The ancient technique of nålebinding is thought to have led to the knitting techniques we use today. The oldest fragments of nålebinding were found in the Nehal Nemar cave in Israel, thought to have originated around 6,500 BCE, older than the Pharaohs of Ancient Egypt. However, the technique is closer associated with Denmark, where fragments have been found dating from 4,200 BCE.
Nålebinding literally means ‘needle binding’ when translated from Danish. The method creates an elastic fabric that uses short lengths of yarn and a single-eyed needle. In its simplest form, the needle is passed through a seed loop to form a new loop, taking care no to tighten too much to avoid a firm knot. The needle is then passed through a new loop. repeating the process.
The nålebinding technique.
Considered more laborious and slower than knitting due to the time taken for each stitch, nålebinding has slowly decreased in popularity. However, as each row’s height corresponds to two or three rows of knitting, nålebinding can be much quicker. Another misconception is its reputation of being difficult to learn. While some of the techniques benefit from prior knowledge, with the correct mentor, nålebinding is easy to pick up. It also doesn’t unravel meaning it doesn’t need special finishing borders to hold it together.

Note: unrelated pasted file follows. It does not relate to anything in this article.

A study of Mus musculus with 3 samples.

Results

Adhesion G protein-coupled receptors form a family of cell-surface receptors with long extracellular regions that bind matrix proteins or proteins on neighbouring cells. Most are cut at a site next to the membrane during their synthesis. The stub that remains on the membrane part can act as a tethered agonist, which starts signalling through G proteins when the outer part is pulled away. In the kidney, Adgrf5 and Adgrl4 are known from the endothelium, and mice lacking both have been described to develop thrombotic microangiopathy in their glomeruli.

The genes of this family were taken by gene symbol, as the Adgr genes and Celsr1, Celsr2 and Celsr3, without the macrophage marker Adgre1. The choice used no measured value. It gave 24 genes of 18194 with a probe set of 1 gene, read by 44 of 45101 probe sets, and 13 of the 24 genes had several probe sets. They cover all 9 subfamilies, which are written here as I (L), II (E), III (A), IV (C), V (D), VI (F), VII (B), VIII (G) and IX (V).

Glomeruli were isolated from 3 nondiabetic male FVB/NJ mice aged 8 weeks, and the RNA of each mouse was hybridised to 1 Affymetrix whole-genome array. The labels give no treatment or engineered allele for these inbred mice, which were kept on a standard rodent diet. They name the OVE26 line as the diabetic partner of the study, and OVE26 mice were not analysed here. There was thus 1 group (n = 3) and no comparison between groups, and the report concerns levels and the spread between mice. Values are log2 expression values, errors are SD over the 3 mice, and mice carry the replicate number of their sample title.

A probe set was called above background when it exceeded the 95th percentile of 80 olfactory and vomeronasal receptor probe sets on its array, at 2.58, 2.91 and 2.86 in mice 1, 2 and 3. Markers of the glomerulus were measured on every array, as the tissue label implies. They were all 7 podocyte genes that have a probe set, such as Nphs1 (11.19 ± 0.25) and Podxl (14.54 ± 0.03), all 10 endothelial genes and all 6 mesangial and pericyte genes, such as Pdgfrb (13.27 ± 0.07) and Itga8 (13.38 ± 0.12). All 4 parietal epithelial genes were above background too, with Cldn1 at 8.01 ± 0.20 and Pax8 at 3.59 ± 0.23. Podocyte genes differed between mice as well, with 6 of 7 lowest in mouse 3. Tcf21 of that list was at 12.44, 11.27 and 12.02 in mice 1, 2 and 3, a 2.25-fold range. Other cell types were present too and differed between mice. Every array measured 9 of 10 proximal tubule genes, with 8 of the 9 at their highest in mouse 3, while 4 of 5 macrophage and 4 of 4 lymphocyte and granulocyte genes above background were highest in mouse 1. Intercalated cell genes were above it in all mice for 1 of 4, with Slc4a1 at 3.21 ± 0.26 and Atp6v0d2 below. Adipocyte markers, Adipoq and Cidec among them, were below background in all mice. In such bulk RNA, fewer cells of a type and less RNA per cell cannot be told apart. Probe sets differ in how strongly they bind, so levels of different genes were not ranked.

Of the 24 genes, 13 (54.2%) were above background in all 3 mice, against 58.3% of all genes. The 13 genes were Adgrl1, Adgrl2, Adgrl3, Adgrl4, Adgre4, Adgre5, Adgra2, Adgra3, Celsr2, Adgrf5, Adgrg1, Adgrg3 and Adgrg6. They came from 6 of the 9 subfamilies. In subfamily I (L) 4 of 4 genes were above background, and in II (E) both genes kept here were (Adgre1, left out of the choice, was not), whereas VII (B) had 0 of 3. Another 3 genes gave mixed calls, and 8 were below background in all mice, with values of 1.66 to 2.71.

Nålebinding became notably popular during the Viking era, with one of the most famous artifacts from the time, the Coppergate sock, being an example of the Viking influence on Britain. Peculiarly, nålebinding has been found as far as South America, where it is still practiced by the women of the Nanti tribe in Peru.
The Coppergate sock.
The long history of knitting has its roots at a time before civilisation, quite a surreal thought. While the needles have changed from ivory or bone to bamboo or steel, the technique remains largely the same. Predating even agriculture, the story of knitting is one of history’s most complex tales.